Increasing Louisiana’s Minimum Wage – It’s Not Dead Yet
Louisiana workers who are hoping to see an increase in their compensation for jobs well done still have a glimmer of hope that maybe, just maybe that compensation will be increasing. Earlier this week we told you the story of legislation in the Louisiana House that would raise the state's minimum wage to $10 an hour had died in committee.
Well, don't call the undertaker just yet because a Senate Committee has voted to advance similar legislation through the upper chamber of our state government. This means that the hope for a $ 10-an-hour minimum wage in Louisiana is not dead.
In fact, in the Senate version of the "minimum wage bill" the minimum hourly wage would immediately be raised to $10 per hour for next year and be increased to $14 an hour by the year 2028. As it sits now, Louisiana is one of 21 states that has a minimum wage that mirrors the federal wage guidelines, that compensation is $7.25 per hour.
There are certainly pros and cons to increasing the minimum compensation that workers in the state are legally required to receive. It's really easy to see the worker's point of view, but we can also understand that "the cost of doing business" can't exceed a company's ability to make a profit. And paying an extra $2.75 an hour for many small businesses in Louisiana would make that "cost of doing business" just too darn high.
But, while we consider the economics of the ledger sheet, it's also important to consider what Louisiana businesses really need. They need qualified workers and right now, there aren't enough of those to go around. A recent survey by the National Federation of Independent Business found that "finding quality employees" is now a bigger concern than inflation is.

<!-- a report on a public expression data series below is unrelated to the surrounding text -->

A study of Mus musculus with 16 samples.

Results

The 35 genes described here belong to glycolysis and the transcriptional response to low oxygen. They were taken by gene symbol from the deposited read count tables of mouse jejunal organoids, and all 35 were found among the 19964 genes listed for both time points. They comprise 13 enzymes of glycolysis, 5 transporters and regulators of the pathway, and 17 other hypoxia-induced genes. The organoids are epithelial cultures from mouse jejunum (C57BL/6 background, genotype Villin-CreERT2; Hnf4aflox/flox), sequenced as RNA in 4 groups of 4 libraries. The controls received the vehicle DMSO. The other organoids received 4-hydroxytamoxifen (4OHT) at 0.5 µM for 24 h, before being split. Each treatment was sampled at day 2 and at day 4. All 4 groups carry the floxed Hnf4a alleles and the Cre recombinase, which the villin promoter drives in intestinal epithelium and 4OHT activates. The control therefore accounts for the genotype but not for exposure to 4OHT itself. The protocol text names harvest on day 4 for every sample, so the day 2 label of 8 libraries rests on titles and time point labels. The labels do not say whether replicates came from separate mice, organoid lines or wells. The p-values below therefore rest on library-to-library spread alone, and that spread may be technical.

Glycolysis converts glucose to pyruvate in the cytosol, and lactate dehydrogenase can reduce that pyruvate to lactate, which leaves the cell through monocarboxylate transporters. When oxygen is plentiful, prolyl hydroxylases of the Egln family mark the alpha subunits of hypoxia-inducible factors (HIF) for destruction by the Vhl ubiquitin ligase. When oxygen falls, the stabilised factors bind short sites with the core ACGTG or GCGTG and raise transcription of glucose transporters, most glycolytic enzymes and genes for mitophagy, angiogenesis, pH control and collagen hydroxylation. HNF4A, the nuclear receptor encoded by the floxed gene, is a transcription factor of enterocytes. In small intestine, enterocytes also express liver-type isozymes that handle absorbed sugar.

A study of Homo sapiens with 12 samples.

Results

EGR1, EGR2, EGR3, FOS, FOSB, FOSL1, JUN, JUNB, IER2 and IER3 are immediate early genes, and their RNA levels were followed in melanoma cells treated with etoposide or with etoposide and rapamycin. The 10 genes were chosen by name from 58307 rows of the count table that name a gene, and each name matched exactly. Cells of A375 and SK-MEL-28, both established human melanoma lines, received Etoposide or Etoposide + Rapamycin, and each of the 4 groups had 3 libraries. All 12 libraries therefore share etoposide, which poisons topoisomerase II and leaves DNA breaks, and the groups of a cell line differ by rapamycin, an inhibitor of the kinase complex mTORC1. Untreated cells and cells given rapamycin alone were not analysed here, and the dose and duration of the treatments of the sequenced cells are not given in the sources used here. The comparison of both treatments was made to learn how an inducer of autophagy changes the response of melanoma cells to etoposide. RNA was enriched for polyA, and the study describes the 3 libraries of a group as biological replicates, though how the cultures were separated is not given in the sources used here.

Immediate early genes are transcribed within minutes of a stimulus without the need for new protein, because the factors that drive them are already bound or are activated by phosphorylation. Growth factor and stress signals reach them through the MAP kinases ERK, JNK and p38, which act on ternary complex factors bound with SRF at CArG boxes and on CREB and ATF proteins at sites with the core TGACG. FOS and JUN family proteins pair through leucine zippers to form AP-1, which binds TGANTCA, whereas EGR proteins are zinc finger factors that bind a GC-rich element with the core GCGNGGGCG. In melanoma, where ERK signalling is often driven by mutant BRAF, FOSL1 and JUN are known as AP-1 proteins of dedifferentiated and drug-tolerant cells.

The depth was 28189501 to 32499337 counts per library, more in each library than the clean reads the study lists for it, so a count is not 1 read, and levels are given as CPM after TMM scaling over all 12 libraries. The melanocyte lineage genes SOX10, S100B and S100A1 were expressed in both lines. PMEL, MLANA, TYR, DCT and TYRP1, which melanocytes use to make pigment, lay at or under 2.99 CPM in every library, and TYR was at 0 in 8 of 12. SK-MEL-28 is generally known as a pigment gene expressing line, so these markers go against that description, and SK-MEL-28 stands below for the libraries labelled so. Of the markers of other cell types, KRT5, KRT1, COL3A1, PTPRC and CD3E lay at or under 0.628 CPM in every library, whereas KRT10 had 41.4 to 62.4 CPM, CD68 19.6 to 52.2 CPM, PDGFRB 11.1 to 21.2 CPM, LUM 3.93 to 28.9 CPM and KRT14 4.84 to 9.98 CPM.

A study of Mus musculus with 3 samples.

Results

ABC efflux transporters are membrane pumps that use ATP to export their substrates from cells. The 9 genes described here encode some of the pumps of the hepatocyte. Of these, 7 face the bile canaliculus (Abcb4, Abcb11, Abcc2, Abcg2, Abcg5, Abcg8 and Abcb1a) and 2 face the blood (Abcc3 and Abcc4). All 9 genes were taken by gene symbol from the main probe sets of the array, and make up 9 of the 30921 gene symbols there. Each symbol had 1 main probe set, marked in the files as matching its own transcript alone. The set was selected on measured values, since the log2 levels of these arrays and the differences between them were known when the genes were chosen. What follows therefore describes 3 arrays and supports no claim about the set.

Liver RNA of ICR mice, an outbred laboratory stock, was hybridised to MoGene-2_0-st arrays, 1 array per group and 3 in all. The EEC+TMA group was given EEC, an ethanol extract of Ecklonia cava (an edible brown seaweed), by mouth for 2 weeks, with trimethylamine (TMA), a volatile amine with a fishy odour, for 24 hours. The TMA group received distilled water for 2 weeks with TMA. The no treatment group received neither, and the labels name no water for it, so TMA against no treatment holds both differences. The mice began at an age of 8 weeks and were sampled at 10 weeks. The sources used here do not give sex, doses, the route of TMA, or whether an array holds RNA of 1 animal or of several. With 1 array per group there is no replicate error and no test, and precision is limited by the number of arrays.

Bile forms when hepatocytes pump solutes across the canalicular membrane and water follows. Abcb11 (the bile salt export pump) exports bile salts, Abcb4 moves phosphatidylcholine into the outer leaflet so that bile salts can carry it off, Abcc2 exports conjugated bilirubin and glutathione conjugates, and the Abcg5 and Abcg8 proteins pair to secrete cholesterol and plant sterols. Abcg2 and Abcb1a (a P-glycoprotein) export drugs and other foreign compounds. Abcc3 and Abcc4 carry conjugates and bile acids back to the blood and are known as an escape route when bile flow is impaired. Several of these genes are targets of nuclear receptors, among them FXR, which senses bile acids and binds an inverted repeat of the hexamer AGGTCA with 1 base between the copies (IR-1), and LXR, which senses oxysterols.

And when you consider that the Louisiana Legislature is considering giving themselves a 238% increase in their compensation you'd think the elected "helpers" in Baton Rouge would be quick to satisfy the "wants and needs of the electorate" especially in an election year.
Is raising the minimum wage going to solve the quality worker shortage? Will raising the minimum wage create higher consumer prices in the state? Will raising the minimum wage actually reduce the number of available jobs in the state?
These are all important questions that need to be answered. Chances are you have an opinion on this topic and while we'd love for you to share it with us, we do hope that you'll reach out to your Senator and Representative in the Louisiana Legislature and tell them your thoughts. This truly is the time to let your voice be heard.